The land of the Pyramids

By Sophie Rieckmann

Inspired by a National Geographic article, as a few things surprised me into writing a little blog post for you all. A couple of things may come as a shock, putting into question your beliefs about Pyramids which you have held since doing the Egyptians in history in year 3!

Contrary to popular belief, although Egypt has may pyramids which house many a Pharaoh, it is not the land with the most pyramids. One country directly to the south beats it. The Sudan. You may be thinking ‘Ok. Great. I’m not that interested in pyramids anyway.’ Well, hold your horses, my friend. This piece of knowledge has some significant implications.

Firstly, the pyramids in the Sudan were not built by the Egyptians. In fact, they were built by Kushite Kings and Queens of Nubia ( in modern-day Sudan), after they relocated to a place named Meroë. Here, the Kushites found themselves safe from the 26th Dynasty of Egypt.

Secondly, the pyramids were built because the early Kushite Kings and Queens were members of the 25th Dynasty of Egypt and they wished to be buried in the traditional fashion. In around 250 B.C. Meroë became the preferred necropolis of the Kings and Queens, with two main burial locations within the area. The northern area in the Sudan today still contains the best-preserved pyramids, with the final resting places of 30 Kings, 8 Queens, and 3 Princes.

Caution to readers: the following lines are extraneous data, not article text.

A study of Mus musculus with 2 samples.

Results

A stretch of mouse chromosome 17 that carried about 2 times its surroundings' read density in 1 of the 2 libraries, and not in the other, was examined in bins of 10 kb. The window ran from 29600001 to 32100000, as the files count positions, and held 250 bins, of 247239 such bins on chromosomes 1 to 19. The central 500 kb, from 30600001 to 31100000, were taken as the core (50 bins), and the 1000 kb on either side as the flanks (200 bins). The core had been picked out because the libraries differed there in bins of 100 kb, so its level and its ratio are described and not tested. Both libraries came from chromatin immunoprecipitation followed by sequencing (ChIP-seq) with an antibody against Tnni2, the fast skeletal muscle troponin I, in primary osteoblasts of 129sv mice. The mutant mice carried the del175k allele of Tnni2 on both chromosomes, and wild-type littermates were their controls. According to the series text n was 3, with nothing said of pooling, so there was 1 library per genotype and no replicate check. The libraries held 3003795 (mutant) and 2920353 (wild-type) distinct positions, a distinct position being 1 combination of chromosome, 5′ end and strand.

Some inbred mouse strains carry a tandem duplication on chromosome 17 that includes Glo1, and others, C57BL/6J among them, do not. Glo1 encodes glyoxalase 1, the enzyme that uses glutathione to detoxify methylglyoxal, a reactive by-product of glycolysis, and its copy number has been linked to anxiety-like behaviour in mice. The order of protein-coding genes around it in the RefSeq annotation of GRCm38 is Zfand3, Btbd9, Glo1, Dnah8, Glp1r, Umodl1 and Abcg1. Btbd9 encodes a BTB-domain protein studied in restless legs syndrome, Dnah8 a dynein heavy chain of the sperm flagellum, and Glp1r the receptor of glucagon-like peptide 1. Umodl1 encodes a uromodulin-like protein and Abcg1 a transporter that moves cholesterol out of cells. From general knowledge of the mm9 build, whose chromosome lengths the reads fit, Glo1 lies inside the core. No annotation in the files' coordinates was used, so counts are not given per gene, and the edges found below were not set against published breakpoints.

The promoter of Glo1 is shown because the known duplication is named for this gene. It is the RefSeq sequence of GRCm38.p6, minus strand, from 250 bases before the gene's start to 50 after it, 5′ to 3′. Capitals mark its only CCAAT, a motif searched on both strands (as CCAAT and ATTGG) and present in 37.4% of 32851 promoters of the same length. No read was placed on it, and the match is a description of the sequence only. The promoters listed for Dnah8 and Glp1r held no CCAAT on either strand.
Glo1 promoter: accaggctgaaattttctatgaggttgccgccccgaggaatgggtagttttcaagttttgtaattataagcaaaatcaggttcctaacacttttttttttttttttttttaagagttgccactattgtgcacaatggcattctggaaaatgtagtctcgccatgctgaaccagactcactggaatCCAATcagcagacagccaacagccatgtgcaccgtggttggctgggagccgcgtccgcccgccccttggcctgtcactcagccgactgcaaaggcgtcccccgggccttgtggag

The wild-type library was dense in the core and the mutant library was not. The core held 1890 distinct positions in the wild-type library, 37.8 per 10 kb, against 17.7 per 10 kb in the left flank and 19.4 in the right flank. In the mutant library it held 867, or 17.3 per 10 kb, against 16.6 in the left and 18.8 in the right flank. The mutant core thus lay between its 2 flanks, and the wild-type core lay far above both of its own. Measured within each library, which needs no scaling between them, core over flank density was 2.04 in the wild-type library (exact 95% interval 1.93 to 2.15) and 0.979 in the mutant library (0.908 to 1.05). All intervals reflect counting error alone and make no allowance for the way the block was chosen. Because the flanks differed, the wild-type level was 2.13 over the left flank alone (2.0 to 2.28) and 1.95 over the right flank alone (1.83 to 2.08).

In comparison to Egyptian pyramids, the ones in Meroë tend to be slightly smaller and lack the pointed capstone, known as a pyramidion. This makes the pyramids of Sudan look more like those in Deir el Medina, near Luxor, which are known as chapel pyramids. Said style of pyramid was build from 1539-1075 B.C. during a time in which Kushite culture seemed to be adopting Egyptian customs.

There we are. A little de-bunking of pyramid history. So, although the Egyptians were the first to build pyramids, the place in which they stand most numerously is in fact in the Sudan- many of them still standing today.